The 6 year old patient who received a transplant of fetal stem cells into his brain last month has returned home for the holidays.
The patient is apparently doing well enough after the surgery to make his way home, but not well enough for doctors to comment on his longterm condition.
The boy has a rare condition called Batten Disease which had left him mute and on verge of dying, before stem cells extracted and purified from aborted fetal tissue were transplanted into his brain on November 14. The treatment protocol and stem cells were provided by StemCells (STEM).
The treatment was previously successful in pre-clinical studies in mice, but the procedure had not been tried in humans before.
The study has fired up anti-abortion groups who call the procedure, "...most grisly of examples that can be given about abortion," Gayle Atteberry, executive director of the Oregon Right to Life.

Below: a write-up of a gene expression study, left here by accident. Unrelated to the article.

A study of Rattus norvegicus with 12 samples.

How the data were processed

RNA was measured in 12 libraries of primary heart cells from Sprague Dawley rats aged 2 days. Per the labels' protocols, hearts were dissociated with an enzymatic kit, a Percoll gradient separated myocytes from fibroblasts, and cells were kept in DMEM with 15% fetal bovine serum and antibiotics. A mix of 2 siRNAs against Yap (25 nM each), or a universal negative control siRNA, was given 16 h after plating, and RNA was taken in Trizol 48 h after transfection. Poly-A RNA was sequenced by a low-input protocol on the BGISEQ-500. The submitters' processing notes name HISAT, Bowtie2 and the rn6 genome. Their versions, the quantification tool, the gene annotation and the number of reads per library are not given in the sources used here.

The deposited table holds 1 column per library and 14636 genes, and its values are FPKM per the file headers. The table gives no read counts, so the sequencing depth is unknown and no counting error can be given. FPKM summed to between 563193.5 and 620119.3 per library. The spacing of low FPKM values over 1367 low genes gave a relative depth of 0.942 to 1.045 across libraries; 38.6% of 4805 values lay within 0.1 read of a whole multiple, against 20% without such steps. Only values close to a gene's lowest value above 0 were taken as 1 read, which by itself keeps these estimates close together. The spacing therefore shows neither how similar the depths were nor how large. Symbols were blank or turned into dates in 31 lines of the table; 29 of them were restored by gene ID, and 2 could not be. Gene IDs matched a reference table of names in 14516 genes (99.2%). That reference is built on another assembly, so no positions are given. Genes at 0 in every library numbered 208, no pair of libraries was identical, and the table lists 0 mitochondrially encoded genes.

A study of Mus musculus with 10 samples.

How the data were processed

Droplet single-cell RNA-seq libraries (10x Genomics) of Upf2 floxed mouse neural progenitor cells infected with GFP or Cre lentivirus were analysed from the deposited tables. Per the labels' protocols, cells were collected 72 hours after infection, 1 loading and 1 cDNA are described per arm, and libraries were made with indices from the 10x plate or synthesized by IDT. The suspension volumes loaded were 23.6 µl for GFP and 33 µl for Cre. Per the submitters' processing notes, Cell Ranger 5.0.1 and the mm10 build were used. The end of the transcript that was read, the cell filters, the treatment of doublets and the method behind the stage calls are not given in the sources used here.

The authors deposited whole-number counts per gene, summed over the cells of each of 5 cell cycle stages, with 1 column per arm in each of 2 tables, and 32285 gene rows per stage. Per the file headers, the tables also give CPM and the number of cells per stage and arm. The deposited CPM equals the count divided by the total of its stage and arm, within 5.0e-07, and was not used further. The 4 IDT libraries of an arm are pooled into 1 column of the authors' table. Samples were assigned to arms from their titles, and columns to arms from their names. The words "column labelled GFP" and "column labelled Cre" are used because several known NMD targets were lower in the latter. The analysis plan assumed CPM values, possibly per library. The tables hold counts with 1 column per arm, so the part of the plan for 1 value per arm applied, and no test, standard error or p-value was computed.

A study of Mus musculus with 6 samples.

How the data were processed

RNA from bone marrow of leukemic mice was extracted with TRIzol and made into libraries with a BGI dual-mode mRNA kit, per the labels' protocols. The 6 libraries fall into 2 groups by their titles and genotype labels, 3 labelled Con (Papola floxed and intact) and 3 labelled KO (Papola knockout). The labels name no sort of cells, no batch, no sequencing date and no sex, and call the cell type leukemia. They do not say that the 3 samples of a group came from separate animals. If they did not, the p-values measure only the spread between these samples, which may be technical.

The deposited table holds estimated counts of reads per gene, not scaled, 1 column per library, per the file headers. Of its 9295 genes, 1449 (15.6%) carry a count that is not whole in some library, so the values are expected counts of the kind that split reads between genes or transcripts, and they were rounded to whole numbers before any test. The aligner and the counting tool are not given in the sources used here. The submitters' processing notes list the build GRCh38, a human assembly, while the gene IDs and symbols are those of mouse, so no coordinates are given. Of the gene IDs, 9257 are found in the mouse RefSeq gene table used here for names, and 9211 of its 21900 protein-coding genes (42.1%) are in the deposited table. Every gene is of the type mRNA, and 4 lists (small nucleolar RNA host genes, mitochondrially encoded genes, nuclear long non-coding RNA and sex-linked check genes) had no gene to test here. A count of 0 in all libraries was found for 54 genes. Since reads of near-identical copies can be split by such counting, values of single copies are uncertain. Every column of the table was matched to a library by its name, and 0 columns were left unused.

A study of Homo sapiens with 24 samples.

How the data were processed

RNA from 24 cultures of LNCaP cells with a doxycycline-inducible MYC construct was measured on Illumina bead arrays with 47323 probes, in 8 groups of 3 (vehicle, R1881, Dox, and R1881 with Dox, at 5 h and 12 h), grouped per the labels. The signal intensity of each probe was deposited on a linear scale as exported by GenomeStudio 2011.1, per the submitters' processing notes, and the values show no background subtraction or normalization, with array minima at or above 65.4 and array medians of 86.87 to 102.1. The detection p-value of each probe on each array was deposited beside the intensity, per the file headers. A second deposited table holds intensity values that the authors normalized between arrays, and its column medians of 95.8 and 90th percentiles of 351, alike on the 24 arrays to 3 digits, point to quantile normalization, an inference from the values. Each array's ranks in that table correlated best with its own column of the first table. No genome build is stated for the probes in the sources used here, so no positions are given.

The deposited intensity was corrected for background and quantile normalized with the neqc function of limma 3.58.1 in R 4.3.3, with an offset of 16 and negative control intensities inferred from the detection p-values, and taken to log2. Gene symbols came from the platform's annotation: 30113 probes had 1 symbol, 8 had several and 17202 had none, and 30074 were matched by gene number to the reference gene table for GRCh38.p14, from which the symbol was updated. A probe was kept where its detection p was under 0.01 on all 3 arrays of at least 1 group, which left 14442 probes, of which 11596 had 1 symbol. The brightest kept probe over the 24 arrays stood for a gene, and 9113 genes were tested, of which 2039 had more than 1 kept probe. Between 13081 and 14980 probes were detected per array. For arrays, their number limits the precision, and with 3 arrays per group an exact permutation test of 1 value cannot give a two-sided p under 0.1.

While the little boy's longterm health is of primary importance, the technical goals of the treatment are less dramatic. Doctors hope to accumulate relevant data following a year of post-op observations to see whether the fetal stem cells will harm the patient. If his symptoms improve only slightly StemCells plans on conducting further trials on more children suffering from this terrible condition.
Batten Disease is characterized by defective genes rendering certain enzymes incapable of breaking down waste produced in the brain. The build up of waste damages the brain, and sufferers usually die before their teen years.
It is estimated that 3 out of every 100,000 children are afflicted by Batten Disease in the United States.